This flourless chocolate and almond cake, called Gateau Reine de Saba in French, is a single-layer, moist, and slightly dense cake which is covered in a chocolate glaze and decorated with almond flakes. The whipped egg whites help the cake rise in the oven but it sinks as it cools, often leaving a cracked crust.
This French dessert is named after the legendary Queen of Sheba as it is “fit for a queen”. It was introduced to the United States by Julia Child and since then has been adapted and renamed by many pastry chefs.
85 grams (1 cup) toasted almond slices, for decoration
Preheat the oven to 180C (350F).
Butter a 23cm/9-inch springform pan and place a parchment circle on the bottom. Butter the parchment. Place the pan on a baking sheet and set aside.
Place the butter and chocolate in a bowl and melt the mixture over a bain-marie or pot of simmering water. Make sure that the mixture does not have direct contact with the flame/heat or it will burn. When the mixture is melted halfway, remove from the heat and stir to finish melting the ingredients. (This ensures it’s not too hot to add the other ingredients.) Stir until smooth.
Stir in salt, almond flour, and then yolks into the lukewarm chocolate/butter mixtures. Make sure that the mixture is lukewarm (not hot) or the yolks will cook and congeal. Add coffee and rum, if using. Mix to incorporate. Set aside.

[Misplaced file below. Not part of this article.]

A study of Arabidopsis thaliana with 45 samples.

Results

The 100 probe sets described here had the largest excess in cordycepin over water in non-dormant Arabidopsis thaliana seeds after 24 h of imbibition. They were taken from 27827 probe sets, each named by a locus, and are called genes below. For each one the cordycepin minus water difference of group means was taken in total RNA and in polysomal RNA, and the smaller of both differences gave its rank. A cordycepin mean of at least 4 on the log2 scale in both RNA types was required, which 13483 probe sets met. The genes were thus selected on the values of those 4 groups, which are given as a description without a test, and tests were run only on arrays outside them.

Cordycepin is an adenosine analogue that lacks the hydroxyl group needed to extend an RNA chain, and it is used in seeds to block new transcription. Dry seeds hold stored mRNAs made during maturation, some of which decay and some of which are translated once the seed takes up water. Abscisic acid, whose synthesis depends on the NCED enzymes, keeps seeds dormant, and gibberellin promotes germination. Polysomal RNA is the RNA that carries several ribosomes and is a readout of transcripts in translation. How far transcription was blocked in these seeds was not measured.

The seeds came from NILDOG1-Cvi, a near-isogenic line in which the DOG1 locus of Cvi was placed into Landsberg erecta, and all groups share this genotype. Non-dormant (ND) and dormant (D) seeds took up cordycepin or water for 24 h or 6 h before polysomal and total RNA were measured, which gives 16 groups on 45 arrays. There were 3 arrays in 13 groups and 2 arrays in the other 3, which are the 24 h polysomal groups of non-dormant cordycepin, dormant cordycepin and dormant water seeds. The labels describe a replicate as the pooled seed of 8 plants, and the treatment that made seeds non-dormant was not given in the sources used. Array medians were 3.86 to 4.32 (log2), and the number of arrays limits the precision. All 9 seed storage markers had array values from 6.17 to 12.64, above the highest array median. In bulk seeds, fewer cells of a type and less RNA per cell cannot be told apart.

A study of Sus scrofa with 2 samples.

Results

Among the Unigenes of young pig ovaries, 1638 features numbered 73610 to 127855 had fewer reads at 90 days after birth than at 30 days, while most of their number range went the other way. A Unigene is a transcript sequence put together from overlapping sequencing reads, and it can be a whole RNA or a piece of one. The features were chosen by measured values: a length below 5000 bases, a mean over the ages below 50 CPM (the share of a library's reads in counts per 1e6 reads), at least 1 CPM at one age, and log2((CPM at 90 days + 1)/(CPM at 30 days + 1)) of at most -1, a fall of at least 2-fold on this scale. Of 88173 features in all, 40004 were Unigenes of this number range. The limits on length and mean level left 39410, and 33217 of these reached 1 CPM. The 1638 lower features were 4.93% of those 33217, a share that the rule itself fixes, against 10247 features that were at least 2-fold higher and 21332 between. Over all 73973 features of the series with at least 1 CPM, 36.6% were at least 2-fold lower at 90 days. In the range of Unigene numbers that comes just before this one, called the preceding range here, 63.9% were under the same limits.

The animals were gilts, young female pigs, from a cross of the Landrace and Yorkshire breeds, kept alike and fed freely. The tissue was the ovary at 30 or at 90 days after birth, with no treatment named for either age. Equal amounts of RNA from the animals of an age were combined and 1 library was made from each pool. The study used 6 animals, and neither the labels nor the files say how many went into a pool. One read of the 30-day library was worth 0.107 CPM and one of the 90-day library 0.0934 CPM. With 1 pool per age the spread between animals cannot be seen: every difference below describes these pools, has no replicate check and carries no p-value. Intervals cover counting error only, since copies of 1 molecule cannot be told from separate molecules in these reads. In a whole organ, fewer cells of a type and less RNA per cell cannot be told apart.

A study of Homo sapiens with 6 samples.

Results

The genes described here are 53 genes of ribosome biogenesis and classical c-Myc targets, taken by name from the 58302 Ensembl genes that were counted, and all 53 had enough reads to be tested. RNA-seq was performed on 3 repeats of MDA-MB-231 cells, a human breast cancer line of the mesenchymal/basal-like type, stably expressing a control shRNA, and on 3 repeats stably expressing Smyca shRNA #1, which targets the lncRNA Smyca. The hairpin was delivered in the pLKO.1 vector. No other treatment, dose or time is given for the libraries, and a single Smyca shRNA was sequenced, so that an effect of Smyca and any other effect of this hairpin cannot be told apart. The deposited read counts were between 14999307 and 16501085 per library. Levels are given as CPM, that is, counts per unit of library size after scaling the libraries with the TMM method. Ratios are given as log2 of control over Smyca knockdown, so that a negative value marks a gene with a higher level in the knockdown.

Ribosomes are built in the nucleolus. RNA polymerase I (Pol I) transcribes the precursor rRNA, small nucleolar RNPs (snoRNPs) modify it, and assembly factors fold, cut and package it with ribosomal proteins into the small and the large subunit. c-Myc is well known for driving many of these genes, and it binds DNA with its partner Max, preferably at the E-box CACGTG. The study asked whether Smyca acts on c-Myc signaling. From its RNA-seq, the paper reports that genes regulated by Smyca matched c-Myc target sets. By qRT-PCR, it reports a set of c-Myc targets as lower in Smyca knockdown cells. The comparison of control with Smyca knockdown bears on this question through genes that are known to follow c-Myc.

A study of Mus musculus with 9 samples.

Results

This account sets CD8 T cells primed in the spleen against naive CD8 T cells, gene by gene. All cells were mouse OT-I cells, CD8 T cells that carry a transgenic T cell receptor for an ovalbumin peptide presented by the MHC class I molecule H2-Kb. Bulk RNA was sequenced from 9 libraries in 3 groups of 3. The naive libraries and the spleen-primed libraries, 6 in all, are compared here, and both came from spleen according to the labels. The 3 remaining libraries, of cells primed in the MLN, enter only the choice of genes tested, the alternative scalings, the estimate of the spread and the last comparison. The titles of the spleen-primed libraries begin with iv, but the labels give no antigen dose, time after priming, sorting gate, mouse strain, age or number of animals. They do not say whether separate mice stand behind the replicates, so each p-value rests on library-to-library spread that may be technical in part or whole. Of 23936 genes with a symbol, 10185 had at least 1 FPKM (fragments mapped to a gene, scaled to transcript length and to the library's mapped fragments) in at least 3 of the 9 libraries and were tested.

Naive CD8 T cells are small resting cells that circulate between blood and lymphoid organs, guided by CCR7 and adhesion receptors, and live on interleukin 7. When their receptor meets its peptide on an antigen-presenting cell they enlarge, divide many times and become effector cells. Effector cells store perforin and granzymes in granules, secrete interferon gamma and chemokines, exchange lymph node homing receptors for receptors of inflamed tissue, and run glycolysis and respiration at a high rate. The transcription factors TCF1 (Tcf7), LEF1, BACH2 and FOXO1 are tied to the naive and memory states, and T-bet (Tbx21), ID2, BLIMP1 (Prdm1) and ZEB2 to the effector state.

In a large and clean bowl, combine the egg whites with cream of tartar and whip until foamy and almost at the soft peak stage. Slowly add the sugar, 1 tablespoon at a time, whipping well after each addition. Gradually increase the speed and whip the egg whites until glossy, stiff peaks form. The egg whites should stick to the beaters when held upside down, and they should look slightly firmer than shaving cream.
Fold a third of the egg white mixture into chocolate/butter mixture to lighten the batter. Continue to fold the remaining egg whites into the chocolate/butter mixture until incorporated. There should not be any egg white streaks in the batter.
Immediately and gently pour the mixture into the prepared cake pan. Gently even out the top using a palette knife and put into the oven.
Bake for 20 to 30 minutes or until a skewer inserted in the center of the cake comes out with no crumbs on it; it may be moist or shiny.
Thoroughly cool the cake before unmolding. The cake will deflate as it cools.
Make the glaze as per the recipe (hyperlinked above).
To decorate, unclasp the springform sides and invert the cake onto a cardboard cake round the same size as the cake. Take off the springform pan bottom and the parchment round from the top.
Place the cake with the cardboard on top of a turntable (or improvise by using an overturned, shallow bowl). Pour the glaze over the cake, catching the excess on a piece (or two) of parchment paper underneath the cake (Note: you can return the the glaze back to your bowl by rolling up the parchment with the chocolate in it and then squeezing it out and back into the bowl). Smooth the glaze across the top of the cake using an offset or straight icing spatula, allowing the glaze to cascade over the edge to cover the sides. Gently smooth down the sides, if needed. Wait a few minutes for the chocolate to slightly set before moving to step 13.
Placing another piece of clean parchment below the cake (underneath the turntable or shallow bowl) to catch the excess almonds. Gently press the toasted almond slice along the sides of the cake as decoration. (Note: you can return the excess almonds back to your bowl by scooping it from the paper.)
Allow the glaze to set for at least 1 hour before serving.
Serve with barely sweetened whipped cream or berries.